Germany to investigate NSA tapping

Germany’s top federal prosecutor is launching an investigation into the National Security Agency’s snooping on Chancellor Angela Merkel’s cellphone.

Chief prosecutor Harald Range’s office said on Wednesday that it has found “sufficient factual evidence” to support the notion “that unknown members of U.S. intelligence services have spied on a mobile phone” of Merkel's.

The probe will only look at the possible tapping of Merkel’s phone, not broader surveillance of Germans’ phones. However, that “possible massive collection of telecommunications data” by the U.S. and United Kingdom “remains under observation,” Range’s office said.

The probe might not lead to a prosecution or a trial, but it nonetheless signals an ongoing rift between the U.S. and Germany on the issue and could make future collaboration on intelligence operations and other efforts more difficult.

In response to the news, the White House said that issues about U.S. spying should be dealt with between the two nations.

“We believe the best way to address the concerns that Germany has had about NSA’s activities is through a direct dialogue with us,” said Ben Rhodes, the deputy national security adviser for strategic communications.

“We’ve been able to have a dialogue at the level of heads of states but also intelligence channels as well to provide information and exchange information about our intelligence activities,” he added. “That’s the best way for us to build trust.”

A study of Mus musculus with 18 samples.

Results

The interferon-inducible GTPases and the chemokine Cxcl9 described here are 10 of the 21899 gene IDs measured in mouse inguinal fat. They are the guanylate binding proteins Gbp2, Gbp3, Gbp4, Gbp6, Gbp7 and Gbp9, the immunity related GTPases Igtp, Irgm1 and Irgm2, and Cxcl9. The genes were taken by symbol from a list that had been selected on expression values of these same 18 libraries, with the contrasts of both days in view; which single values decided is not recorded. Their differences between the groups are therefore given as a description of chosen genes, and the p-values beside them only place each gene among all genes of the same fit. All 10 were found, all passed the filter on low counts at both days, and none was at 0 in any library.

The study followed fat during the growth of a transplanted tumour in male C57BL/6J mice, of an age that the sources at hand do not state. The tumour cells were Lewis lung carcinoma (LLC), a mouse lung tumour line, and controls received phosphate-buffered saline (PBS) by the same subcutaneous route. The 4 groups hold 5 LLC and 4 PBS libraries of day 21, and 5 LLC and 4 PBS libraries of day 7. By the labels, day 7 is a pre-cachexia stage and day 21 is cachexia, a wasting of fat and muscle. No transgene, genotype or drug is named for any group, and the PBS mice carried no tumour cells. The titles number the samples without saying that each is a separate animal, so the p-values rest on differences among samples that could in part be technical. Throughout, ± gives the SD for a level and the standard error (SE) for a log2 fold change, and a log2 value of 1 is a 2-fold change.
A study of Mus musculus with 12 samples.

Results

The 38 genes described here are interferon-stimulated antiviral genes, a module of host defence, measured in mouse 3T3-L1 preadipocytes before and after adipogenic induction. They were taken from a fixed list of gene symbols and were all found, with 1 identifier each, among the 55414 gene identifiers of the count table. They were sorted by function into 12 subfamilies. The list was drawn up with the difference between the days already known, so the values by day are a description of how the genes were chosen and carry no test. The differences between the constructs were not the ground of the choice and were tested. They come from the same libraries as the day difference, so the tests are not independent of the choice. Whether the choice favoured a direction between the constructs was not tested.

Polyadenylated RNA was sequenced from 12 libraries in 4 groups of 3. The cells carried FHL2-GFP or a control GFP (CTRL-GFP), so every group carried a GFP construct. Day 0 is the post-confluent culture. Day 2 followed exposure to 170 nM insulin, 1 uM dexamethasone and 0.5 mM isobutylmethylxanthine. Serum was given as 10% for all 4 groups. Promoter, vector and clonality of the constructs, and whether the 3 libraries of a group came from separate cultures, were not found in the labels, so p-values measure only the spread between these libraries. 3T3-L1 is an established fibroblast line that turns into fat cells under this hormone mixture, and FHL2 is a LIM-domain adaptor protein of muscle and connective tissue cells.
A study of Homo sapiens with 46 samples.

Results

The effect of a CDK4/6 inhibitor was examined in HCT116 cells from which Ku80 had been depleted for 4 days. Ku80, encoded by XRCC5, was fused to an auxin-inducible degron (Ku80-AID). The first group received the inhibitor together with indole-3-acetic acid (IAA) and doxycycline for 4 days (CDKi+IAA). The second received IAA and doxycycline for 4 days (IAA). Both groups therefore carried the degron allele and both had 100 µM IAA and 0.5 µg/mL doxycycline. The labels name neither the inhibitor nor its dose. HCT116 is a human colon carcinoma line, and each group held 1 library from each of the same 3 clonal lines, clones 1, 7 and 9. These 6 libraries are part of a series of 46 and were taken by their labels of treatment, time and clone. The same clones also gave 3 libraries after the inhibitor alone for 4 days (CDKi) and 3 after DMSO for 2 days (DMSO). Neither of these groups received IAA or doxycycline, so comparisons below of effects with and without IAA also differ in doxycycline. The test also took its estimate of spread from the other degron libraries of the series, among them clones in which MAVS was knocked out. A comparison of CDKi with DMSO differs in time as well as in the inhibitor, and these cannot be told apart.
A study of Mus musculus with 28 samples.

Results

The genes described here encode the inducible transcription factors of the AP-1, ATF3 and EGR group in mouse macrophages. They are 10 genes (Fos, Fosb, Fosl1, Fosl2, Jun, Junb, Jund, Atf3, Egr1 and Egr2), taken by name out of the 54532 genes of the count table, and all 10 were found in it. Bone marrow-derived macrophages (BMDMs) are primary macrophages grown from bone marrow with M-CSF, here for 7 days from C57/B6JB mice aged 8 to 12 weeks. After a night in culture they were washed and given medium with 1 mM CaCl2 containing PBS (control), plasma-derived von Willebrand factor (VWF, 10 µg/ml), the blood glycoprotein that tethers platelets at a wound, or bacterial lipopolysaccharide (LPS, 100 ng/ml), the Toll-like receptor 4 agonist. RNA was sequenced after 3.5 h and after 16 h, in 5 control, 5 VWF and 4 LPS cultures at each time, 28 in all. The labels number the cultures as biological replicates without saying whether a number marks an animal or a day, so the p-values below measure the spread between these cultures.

Reports about the NSA’s snooping on Merkel’s phone erupted in October and led to a diplomatic headache for the Obama administration.

German leaders and the public swiftly denounced the snooping.

“Spying among friends is never acceptable,” Merkel said at the time.  

Lawmakers in Germany's parliament have explored the issue, and Merkel has announced plans to work with French President François Hollande to build Internet infrastructure that avoids the U.S., in order to keep citizens’ data out of the NSA's grasp.

President Obama has since pledged to reform the country’s spying on foreigners, including the promise not to spy on leaders of “close friends and allies.”

Still, the issue is ruffling feathers in Germany,

When she visited Washington last month for the first time since the NSA revelations emerged, Merkel said there were still “a few difficulties yet to overcome” on the spying.